Trend/countertrend: The rise (and simultaneous fall) of gender norms


This time of year, we tend to see an onslaught of predictions for which trends will shape our year to come. The Year of Wearables. The Beginning of Visual Speak. The End of Anonymity. And so on.

The reality, however, is that many of these predictions are not as black and white as they appear. It is not as simple as out with the old and in with the new. The world is changing, but at a macro level, every behavior, observation and perspective has an inherent tension that ultimately creates a countertrend. A countertrend that fills our head with possibilities, ideas and what if’s.

For example, one of the most interesting predictions for 2015 is that "gender" will soon become a defunct term — that people are eschewing the typical male and female categories for gender-agnostic self-expression outside of traditional lines. Consider Lorde, the New Zealand singer and songwriter who took the world by storm this past year. She stated in Teen Vogue: "Prescribed ideals on how girls should look are over … I am feminine, but I really love dressing in boys’ clothes, too." And a group called "Let Toys Be Toys" recently convinced Toys"R"Us to lose their gender labels from all their products sold in the UK, on the basis that gender-specific labels on toys can be detrimental to children. Earlier this week, a couple who raised their child as "gender neutral" for five years so the infant's "real personality" could shine through have finally revealed he is a boy.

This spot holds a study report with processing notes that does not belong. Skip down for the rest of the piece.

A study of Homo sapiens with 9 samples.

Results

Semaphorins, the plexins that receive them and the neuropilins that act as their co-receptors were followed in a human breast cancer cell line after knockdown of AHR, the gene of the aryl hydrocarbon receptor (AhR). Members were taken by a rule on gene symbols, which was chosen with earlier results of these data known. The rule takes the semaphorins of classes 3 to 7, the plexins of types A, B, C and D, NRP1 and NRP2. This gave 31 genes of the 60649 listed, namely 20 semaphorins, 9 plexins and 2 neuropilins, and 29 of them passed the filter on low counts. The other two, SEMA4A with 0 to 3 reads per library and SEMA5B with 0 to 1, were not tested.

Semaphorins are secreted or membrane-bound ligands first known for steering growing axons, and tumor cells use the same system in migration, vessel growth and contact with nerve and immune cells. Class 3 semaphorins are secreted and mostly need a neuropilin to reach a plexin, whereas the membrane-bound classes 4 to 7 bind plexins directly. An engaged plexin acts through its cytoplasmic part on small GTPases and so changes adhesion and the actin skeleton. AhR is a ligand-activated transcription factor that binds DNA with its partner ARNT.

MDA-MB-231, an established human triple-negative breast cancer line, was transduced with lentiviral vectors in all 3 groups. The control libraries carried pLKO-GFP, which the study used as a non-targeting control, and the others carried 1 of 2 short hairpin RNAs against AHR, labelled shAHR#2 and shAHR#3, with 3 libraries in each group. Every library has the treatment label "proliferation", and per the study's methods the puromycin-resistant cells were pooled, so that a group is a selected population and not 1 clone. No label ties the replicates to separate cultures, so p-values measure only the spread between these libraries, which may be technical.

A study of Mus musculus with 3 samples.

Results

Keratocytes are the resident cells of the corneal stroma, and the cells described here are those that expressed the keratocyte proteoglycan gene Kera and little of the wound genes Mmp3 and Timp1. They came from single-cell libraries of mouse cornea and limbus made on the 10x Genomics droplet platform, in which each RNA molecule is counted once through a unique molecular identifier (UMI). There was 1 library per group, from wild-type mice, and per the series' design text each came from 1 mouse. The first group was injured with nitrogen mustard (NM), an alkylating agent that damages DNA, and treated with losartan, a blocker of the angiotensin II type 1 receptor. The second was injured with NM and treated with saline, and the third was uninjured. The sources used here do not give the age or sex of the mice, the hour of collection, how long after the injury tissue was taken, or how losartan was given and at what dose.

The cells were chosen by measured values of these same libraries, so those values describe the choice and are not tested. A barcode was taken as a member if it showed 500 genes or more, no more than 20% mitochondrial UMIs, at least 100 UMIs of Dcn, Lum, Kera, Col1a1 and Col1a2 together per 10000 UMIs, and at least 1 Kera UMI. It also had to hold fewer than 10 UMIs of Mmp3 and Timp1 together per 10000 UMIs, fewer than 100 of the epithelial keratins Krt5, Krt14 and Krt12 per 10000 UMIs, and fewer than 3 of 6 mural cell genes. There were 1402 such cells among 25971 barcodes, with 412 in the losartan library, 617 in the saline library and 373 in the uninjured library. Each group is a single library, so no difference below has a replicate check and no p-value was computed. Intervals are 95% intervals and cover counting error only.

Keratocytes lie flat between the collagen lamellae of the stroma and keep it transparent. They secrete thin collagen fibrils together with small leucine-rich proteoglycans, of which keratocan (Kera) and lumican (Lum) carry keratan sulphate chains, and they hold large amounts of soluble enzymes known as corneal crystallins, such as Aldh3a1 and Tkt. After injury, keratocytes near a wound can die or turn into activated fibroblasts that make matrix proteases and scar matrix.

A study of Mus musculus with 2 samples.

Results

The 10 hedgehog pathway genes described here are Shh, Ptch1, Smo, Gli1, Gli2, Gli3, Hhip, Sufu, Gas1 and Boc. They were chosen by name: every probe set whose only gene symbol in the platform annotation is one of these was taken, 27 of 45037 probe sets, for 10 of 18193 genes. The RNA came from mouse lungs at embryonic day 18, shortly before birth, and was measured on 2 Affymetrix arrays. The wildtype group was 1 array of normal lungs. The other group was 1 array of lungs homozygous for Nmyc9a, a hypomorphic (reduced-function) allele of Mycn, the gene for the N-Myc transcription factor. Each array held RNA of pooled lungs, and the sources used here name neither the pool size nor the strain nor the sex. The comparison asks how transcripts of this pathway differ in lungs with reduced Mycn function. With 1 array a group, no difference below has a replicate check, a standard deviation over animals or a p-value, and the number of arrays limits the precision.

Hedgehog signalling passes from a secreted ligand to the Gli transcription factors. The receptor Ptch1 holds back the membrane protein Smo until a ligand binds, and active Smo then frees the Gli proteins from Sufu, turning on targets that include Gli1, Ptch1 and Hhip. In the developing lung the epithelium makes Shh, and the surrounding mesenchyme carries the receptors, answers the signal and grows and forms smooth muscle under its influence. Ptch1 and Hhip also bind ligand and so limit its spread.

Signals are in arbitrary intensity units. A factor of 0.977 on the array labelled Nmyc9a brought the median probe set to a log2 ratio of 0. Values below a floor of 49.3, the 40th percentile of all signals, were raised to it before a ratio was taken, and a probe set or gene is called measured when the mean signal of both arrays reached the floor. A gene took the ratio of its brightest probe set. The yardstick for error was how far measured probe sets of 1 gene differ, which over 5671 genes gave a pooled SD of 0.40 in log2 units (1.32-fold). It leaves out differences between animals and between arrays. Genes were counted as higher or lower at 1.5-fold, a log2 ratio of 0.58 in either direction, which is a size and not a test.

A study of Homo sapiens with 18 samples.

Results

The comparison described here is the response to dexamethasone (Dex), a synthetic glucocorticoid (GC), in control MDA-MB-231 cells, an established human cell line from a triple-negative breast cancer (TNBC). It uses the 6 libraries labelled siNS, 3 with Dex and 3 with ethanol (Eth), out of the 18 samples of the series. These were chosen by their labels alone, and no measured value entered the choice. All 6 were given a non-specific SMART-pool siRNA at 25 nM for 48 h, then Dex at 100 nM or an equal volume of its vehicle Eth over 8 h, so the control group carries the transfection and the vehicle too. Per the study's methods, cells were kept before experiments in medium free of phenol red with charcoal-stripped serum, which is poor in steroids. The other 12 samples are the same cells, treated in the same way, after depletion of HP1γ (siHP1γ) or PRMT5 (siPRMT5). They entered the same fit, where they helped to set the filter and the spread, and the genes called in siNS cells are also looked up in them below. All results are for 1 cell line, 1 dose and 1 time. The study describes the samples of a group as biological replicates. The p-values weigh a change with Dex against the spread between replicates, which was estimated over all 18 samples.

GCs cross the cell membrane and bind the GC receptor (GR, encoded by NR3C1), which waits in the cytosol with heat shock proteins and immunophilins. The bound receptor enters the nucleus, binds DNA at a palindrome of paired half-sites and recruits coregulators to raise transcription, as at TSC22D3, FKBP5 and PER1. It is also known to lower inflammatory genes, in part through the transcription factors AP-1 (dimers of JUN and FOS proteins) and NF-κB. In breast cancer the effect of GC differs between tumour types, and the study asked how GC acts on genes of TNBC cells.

From unisex baby names and toys to fragrances and clothing, we’re clearly moving toward a world where gender just may be an archaic distinction.

And yet …

Today, about 25% of people still believe that a woman’s primary duty revolves around taking care of her home and family. According to Emily Matchar, author of Homeward Bound: Why Women Are Embracing the New Domesticity, "a generation of smart, highly educated young women are spending their time knitting, canning jam, baking cupcakes, gardening and more (and blogging about it of course), embracing the labor-intensive domestic tasks their mothers and grandmothers eagerly shrugged off. Some are even turning away from traditional careers and corporate culture for slower, more home-centric lifestyles."

Even the corset, once considered a torture device designed to crush a woman’s ribs and rob her of air in an effort to highlight her feminine waistline, has made a fashionable comeback, according to Marie Claire. Kim Kardashian is credited with the comeback and refers to hers as the "waist trainer" over Instagram.

And while it seems that the feminine touch has finally been celebrated in the dog-eat-dog corporate culture, it has also spurred evangelists such as the ReturnOfKings.com, which bills itself as a blog for heterosexual, masculine men, lamenting that "yesterday’s masculinity is today’s misogyny."

A recent ad for Woodford Reserve Bourbon chose to portray their drinker as a man’s man, a hammer and saw kind of guy without a metrosexual bone in his body: "When I see a man drinking bourbon, I expect him to be the kind who could build me a bookshelf. But not in the way that one builds a ready-made bookshelf. He will already know where the lumberyard is. He’ll get the right amount of wood, without having to do the math."

So, are we heading towards an era of genderlessness … or are we re-emphasizing what makes us male and female?

The answer is … Yes. Both are true.

There is an opportunity for brands to expand what was once expected as male or female behavior and embrace a newfound flexibility to dip their toe into what was once reserved for the fringes. To play with their identity. To resist the usual and define who they are based on what truly makes them interesting, not what they are expected to say to "men" or "women" as defined by the thinking of the last 20 or 30 years.

Sandy Thompson is global planning director at Y&R.